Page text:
Gregg County Pct. 3 Commissioner Gary Boyd has spent years working for the people in and around Kilgore. Now, as he approaches the end of his final term in the office, he’s taking time to look back over his accomplishments and thank his constituents for their support.
Speaking to Kilgore Rotary Club at their weekly meeting Wednesday, Jan. 5, the commissioner said his years in county government had been enjoyable, for the most part.
“I’ve really enjoyed serving you. I have to be honest about that,” Boyd told Rotarians, noting his decade-long tenure as county commissioner had been a rewarding experience, despite what some folks may think about the job.
“Everyone says ‘well, you get a lot of phone calls. You get a lot of complaints.’ Surprisingly, I have not had a lot. Overall, it’s been a pleasure to serve and I’ve enjoyed it.”
A former Kilgore City Council member and past Kilgore ISD trustee, Boyd was appointed to the commissioner’s court in September 2010 by Gregg County Judge Bill Stoudt following the resignation of Bob Barbee. Boyd sought and won re-election in 2012 and 2016.
Rotarian Jerry Camp remarked on Boyd’s mission statement, posted on his county website, and Boyd commented on his thought process in creating and living up to the statement, which reads:
“My mission is to provide quality services that are responsive, respective, and effective in a fair and equitable manner that will enhance the quality of life for the residents of precinct three and for all Gregg County.”
“What am I going to do, vision-wise, to fulfill my word? To do what I said I will do in my mission statement?” Boyd said, explaining his thought process after writing the statement.
He kept the mission statement on his desk during his years as commissioner and also created a vision statement to keep him on track in fulfilling his promises to those in his precinct.
Learning all the ins and outs of his job took time, Boyd allowed.
“I’m just now, at the 7-8 year timeframe, I’m just now learning to be a good commissioner and learning what it takes. A county commissioner wears two hats. One hat you wear, you’re kind of the owner or manager of a small road construction company. You’ve got equipment and men and a responsibility for roads and keeping those up. You wear another hat when you walk into the courthouse. I’m not so sure that that is not the most important hat that a county commissioner wears because when we meet in court, we make decisions that affect not only our own lives but the lives of our fellow citizens and our fellow taxpayers, certainly our employees, not only in the near term but for a long time to come.”
Each of the 254 counties in the state of Texas is divided into four precincts along population lines. Commissioners from each precinct, along with the county judge, make up the commissioners court for each county.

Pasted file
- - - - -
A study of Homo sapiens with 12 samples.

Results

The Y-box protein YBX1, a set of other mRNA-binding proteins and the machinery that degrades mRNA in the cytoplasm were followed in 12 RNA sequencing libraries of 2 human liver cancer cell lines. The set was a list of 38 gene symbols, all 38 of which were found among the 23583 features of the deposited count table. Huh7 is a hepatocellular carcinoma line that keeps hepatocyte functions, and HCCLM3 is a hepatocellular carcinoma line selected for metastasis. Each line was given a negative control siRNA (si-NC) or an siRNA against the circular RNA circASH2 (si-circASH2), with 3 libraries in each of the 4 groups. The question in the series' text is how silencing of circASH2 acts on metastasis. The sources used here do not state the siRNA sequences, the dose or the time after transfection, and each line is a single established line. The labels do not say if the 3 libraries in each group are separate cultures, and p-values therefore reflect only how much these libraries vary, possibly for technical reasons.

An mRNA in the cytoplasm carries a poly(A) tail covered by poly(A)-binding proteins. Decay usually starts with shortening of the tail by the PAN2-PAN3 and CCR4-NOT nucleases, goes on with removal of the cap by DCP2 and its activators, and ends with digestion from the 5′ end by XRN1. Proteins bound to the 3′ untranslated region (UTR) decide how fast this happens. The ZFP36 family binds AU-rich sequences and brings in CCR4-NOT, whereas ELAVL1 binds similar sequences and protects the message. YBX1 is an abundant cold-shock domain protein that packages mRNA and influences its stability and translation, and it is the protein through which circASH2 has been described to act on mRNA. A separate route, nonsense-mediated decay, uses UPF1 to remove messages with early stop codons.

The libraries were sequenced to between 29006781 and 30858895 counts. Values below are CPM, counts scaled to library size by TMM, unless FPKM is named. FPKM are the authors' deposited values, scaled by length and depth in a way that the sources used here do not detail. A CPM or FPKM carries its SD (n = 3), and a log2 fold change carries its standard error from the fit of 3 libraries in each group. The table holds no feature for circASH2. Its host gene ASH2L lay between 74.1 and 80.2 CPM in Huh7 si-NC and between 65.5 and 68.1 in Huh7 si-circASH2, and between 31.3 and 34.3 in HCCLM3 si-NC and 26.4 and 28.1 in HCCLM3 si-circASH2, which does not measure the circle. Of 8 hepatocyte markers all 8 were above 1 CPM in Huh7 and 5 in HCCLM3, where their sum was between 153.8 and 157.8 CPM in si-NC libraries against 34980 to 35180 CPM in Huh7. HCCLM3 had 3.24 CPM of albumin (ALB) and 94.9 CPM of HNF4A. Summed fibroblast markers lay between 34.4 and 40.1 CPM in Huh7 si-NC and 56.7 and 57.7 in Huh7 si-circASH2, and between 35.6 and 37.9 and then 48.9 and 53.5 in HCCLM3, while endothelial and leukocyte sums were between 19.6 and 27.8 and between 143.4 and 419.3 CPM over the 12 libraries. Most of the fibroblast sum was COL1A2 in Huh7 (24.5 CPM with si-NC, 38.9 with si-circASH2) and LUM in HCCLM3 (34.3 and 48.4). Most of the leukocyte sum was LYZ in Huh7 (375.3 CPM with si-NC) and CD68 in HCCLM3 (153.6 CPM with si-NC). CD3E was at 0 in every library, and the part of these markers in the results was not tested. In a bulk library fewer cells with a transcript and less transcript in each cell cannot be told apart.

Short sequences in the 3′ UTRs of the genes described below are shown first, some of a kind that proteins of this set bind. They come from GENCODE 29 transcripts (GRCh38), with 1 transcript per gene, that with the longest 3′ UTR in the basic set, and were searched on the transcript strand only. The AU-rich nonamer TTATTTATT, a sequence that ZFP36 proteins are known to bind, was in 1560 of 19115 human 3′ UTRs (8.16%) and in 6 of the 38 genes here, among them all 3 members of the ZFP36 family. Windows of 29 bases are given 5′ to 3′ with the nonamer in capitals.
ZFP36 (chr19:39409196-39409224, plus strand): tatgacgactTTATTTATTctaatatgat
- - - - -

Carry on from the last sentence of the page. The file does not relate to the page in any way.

The court is charged under state law to be the financial administration hub for each county. Each court acts as a subdivision of the state, Boyd said. As such, county commissioners have to work within the boundaries of state law when making decisions for the county.
Boyd noted it had been a unique experience working for Gregg County, which is unusual among many Texas counties for having zero debt and by paying for all of its planned projects in cash. He adopted a mindset of “doing more with less” to work in accordance with this method of funding county projects.
He also had a specific goal for his time as a commissioner.
“I made a pledge that I would leave Gregg County in better shape than I found it. I didn’t try to attach specifics to that. I just said I want to leave my precinct in better shape than when I got it. It was not in bad shape but I wanted it to be better.”
Boyd described the scale of his precinct, which runs up Hwy. 42 towards White Oak to the Upshur County line and reaches south, including most of Kilgore, Kilgore ISD White Oak, the White Oak school district, Gladewater, Sabine, Clarksville City and Warren City.
He aimed to focus on three areas of improvement in the precinct: working on the major thoroughfares and roads in the precinct, logistics of work crews and equipment and navigating the demands of the job in a four-day work week. Focusing on efficient mobilization and planning with work crews helped him meet those demands, he said.
He closed his speech by echoing Gregg County Judge Bill Stoudt’s thoughts regarding the operations of small counties, school districts and cities in the midst of demands from legislators in Austin.
“(Small counties) are in jeopardy,” he said, adding many legislators in Austin have an attitude of “we know best” when it comes to making statewide decisions.
“We need to be on our toes about that,” Boyd cautioned, pointing to recent changes in state law regarding the way Texas counties are allowed to call for property tax increases.
He praised Gregg County’s fiscal responsibility, describing the extra funds the county kept on hand as a “savings account” which can be used to keep the county in good financial standing and free of debt.
Boyd will remain in office through Jan. 2021, noting he has “one or two” more projects he would like to see completed before closing out his term.